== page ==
Haunted by spirits of ’70s

Current films capture essence of past decade

Against a politically tumultuous backdrop, the 1970s ushered in a new age of maverick American filmmaking. Many of 2000’s best written scripts evoke that decade, in period detail and spirit.

In “The Virgin Suicides,” Sofia Coppola crafted a haunting adaptation of Jeffrey Eugenides’ novel that was anthropologically correct but never campy, drawing from the work of photographer Bill Owens (“Suburbia”) and Nancy Steiner’s note-perfect polyester costumes.

“I loved ‘Dazed and Confused’ but I felt that had already been done. I didn’t want to make jokes about orange bell bottoms,” Coppola says. “I wanted the film to look more like I remembered the ’70s. I wasn’t a teenager until the ’80s so I remember them in an abstract, fragmented way. Like in faded photographs of my parents or of my brother and his friends going to Who concerts with their teen peach-fuzz mustaches.”

For writer-director Cameron Crowe, the ’70s were more personal; he based his comic coming-of-ager “Almost Famous” on his own teenage experiences as a cub reporter for Rolling Stone. But it wasn’t just the decade’s music that rocked his world; it was also the movies.

“I was 11 years old and my mom was taking me to see movies like ‘Carnal Knowledge,’ ‘The Graduate,’ ‘Medium Cool,'” says Crowe, “and there would always be some theater owner saying, ‘Ma’am, you don’t know the movie you’re taking your son to see. It’s rated R.’ And she would say, ‘I am a teacher and this is visual literature. I will cover his eyes during the promiscuous parts.’ She did and through her fingers was some of the most amazing filmmaking I’ve ever seen.”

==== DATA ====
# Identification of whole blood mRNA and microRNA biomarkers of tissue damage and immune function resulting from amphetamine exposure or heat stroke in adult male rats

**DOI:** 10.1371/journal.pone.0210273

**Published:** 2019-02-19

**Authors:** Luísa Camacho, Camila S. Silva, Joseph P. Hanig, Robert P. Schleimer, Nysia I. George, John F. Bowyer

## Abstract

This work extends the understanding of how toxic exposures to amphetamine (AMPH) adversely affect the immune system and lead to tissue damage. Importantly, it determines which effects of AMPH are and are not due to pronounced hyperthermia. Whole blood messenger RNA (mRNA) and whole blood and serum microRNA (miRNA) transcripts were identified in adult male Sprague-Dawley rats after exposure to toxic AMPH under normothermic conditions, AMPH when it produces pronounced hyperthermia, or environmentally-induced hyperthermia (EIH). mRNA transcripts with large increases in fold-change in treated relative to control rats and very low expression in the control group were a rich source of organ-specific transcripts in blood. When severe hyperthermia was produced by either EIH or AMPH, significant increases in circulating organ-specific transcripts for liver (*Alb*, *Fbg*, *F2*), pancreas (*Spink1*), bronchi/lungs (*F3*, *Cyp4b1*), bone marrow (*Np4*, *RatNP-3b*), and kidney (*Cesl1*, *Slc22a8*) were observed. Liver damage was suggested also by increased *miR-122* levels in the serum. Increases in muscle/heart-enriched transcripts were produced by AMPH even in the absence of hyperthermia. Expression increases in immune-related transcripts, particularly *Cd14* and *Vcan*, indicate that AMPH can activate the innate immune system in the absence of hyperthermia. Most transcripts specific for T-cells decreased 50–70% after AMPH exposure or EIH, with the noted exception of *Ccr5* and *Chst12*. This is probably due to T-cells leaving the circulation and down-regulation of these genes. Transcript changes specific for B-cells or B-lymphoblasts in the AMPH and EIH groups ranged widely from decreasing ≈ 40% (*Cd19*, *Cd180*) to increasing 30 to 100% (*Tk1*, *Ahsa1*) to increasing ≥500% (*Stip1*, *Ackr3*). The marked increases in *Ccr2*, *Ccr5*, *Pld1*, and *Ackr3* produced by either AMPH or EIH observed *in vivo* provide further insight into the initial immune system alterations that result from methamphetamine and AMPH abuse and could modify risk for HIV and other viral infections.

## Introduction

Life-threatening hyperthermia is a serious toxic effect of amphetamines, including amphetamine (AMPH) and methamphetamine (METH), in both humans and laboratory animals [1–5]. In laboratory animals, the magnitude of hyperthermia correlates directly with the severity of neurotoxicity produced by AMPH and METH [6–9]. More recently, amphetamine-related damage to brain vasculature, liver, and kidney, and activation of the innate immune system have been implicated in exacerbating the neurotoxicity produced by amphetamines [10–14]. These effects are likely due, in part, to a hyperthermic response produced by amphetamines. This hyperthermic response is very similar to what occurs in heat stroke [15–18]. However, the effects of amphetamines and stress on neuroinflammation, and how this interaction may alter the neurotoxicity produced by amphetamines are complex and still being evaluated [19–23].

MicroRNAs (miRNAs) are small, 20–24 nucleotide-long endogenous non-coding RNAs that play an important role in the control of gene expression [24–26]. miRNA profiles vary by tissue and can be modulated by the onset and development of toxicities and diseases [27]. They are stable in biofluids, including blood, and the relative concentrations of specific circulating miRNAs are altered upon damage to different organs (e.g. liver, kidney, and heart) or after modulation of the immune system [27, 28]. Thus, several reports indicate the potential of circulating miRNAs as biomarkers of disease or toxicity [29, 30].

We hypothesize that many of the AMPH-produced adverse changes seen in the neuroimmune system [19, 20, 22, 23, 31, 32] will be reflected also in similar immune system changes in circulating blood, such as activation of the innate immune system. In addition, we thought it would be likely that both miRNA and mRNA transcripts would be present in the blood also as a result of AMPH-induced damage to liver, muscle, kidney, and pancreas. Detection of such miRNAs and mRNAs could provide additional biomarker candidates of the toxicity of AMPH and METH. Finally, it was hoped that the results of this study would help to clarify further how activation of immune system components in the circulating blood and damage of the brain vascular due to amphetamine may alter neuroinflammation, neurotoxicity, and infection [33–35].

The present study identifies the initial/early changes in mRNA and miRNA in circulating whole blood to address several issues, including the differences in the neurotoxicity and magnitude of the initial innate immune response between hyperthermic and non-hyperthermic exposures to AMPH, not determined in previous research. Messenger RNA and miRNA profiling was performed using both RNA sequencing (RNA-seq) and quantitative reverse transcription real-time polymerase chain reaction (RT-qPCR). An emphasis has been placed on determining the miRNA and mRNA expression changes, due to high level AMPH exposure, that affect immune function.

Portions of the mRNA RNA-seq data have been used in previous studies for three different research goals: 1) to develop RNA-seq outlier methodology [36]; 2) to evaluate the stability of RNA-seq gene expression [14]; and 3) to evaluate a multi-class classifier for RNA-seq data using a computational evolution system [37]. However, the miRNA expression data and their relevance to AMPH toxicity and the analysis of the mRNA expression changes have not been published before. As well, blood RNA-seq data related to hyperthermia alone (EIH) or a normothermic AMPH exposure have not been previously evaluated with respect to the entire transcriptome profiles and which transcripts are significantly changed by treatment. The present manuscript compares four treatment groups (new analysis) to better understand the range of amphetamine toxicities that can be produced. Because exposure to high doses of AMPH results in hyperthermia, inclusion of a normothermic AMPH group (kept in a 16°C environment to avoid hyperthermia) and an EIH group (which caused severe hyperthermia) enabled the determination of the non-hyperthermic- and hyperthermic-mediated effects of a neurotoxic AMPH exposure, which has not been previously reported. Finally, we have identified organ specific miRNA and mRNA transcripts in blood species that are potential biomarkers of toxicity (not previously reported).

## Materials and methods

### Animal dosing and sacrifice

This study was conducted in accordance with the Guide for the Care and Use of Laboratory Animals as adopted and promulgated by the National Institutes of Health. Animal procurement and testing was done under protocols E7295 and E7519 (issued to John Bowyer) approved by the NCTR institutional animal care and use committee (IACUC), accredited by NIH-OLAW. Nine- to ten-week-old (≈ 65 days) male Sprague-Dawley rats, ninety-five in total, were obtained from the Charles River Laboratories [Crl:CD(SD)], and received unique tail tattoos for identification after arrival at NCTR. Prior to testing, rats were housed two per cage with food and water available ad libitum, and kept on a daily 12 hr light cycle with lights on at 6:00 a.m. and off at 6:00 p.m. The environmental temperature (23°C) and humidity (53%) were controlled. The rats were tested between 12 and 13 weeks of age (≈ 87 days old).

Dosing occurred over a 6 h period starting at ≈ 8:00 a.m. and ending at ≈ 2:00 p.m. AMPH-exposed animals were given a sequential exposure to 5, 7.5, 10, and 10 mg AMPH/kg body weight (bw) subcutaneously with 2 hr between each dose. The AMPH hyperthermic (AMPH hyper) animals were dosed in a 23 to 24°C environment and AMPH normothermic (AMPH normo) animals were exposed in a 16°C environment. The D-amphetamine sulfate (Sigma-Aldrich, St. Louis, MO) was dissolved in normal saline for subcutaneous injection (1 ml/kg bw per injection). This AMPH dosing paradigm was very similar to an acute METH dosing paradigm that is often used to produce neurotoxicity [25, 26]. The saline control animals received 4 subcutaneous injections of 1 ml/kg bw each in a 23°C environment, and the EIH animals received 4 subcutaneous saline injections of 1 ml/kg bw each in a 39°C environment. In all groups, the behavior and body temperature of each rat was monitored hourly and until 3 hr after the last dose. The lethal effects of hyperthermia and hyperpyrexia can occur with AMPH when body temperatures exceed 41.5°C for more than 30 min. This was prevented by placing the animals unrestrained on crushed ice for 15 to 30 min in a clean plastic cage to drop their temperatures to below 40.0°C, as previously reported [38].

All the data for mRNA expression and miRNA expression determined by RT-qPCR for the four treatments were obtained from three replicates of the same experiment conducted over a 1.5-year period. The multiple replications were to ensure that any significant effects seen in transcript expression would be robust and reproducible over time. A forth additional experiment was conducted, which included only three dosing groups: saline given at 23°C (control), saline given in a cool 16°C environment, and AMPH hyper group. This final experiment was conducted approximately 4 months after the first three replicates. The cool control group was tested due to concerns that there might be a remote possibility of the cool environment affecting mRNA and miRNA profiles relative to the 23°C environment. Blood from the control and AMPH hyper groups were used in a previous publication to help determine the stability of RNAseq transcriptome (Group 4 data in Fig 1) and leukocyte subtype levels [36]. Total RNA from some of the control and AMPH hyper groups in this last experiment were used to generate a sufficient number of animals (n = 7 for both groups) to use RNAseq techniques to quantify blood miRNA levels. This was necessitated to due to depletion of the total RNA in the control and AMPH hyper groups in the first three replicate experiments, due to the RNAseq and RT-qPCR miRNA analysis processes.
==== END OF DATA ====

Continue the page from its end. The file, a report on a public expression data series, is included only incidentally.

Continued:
Adapting “Jesus’ Son,” Denis Johnson’s short-story collection, scribes Elizabeth Cuthrell and David Urrutia (co-writers of the film with Oren Moverman) made a conscious decision to make a film that not only took place in the 1970s but captured a generation’s disillusionment spurred by events like Watergate and the Vietnam War. FH (Billy Crudup), a twentysomething heroin junkie, wanders through the Midwest looking for meaning.

Sticking with the ’70s

“At one point, we flirted stupidly with setting it in current times because we had somebody offering us money to do that,” says Cuthrell. “And we just realized, ‘Absolutely not!’ This is a character that could only live in the ’70s, the whole use of drugs and the innocence about it and the experimentation. The songs that he hears in his head and how completely out of touch he feels with the world. He doesn’t know how to be a part of it. He doesn’t see anything honest in it.”

In addition to these period pics, 2000 saw the release of several contemporary films that evoked the ’70s spirit of maverick filmmaking, including James Gray’s “The Yards,” Curtis Hanson’s “Wonder Boys,” Steven Soderbergh’s “Traffic” and “Erin Brockovich,” and Darren Aronofsky’s “Requiem for a Dream.”

Adapting Hubert Selby Jr.’s 1978 novel about Brooklyn junkies, Aronofsky resisted making a period piece, but ’70s touches abound, from his usage of cutting-edge film techniques on a low-budget to the iconic casting of Ellen Burstyn (“The Exorcist,” “Alice Doesn’t Live Here Anymore”).

“Since I was making a film about addiction, I wanted it to be timeless but I’m still hugely influenced by great ’70s directors like Roman Polanski,” says Aronofsky. “I really like the way he draws a line between objective filmmaking where you’re just watching the characters vs. subjective filmmaking where you’re really getting inside the characters’ heads.”

Many critics have championed these films as some of the year’s best and for most of these scribes, revisiting the recent past is far from over.

“There’s still more I’d like to say. It’s funny, I went to see Elton John last night and I was thinking there are whole other worlds of experience that are connected to those songs for me,” says Crowe. “And ’70s movies always felt to me like some achingly personal vision. They were freewheeling and reckless and that’s what was beautiful about it. There was recklessness in the audience, too. It’s not just nostalgia. I think people are aching for that kind of personal connection to movies.”